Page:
Two 2TB Hard Drives For Storage Applications, Reviewed

Idle power is probably the key characteristic for low-power drives like Samsung’s Spinpoint F3EG, but you have to take form factor, spindle speed, and the platter count into consideration at all times. WD’s 1TB Caviar Green does particularly well because it spins at a low 5,400 RPM and it only comes with two or three platters. In this context, Samsung’s 2TB EcoGreen shows excellent idle power consumption, requiring only 4.1W in active idle. WD’s 2TB Caviar Green is at 5.2W, and the Seagate Barracuda LP requires 4.2W. Clearly, Samsung did a great job.

Meanwhile, the Constellation ES is right where we would expect, given its higher spindle speed.

At maximum read throughput, the Samsung drive still shows excellent power consumption results on par with similar drives, and is beaten by drives that use fewer moving parts. Seagate’s Constellation ES power consumption readings are equally impressive given that it is in a different segment. Other performance drives from Hitachi or WD require more power at peak throughput.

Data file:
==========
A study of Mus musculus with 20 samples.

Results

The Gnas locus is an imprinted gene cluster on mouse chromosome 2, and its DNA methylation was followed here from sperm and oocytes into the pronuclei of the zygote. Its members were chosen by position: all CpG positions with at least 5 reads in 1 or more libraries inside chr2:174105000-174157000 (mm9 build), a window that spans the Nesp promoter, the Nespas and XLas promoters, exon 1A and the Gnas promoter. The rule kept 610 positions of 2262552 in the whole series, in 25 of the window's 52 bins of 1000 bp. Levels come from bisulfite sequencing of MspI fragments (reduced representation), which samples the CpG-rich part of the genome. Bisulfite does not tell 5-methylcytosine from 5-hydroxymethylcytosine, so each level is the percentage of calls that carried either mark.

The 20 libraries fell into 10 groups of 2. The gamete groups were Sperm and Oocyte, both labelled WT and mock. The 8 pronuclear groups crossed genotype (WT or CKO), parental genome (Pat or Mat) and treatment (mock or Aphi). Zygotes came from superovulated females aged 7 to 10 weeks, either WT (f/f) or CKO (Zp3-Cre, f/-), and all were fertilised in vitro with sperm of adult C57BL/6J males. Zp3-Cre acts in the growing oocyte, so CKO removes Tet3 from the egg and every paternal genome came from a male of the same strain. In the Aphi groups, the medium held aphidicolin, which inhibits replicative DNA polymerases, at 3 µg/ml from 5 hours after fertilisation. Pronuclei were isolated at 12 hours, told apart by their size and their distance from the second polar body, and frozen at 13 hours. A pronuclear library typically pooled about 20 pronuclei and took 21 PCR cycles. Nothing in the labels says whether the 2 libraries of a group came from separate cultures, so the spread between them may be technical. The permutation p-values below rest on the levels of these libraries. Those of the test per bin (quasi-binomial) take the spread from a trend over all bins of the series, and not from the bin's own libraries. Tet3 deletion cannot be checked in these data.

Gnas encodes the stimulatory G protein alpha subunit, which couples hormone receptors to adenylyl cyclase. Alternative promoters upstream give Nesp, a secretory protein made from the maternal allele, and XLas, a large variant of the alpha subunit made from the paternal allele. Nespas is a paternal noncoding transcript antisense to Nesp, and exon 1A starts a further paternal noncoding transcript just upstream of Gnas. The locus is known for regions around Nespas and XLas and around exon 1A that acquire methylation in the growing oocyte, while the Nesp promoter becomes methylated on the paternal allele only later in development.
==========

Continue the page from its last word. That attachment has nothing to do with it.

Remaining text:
Power consumption at a defined and limited data stream (in this case, 1080p video playback) is another important test that helps to find out which drive is lowest on power in a variety of application scenarios.

Samsung doesn’t deliver impressive I/O performance with its Spinpoint F3EG, but the power consumption stays low. The Seagate Constellation ES doesn’t seem very efficient at workstation I/O, as the power consumption is rather high at 8.7W. However, some 2TB high-performance competitors are worse.

Efficiency

These are the performance per watt readings for streaming reads at peak throughput. The Seagate Constellation ES requires more power at maximum speed, but it also delivers much better performance. Therefore it's superior on throughput power efficiency.

When it comes to I/O efficiency, Samsung takes the lead over Seagate. Samsung is so much lower on power that the significantly lower I/O performance doesn’t matter much in the end. Still, there are better solutions for I/O-intensive workloads than these two hard drives, so please consider these results mainly for the sake of completeness, rather than as a deciding factor.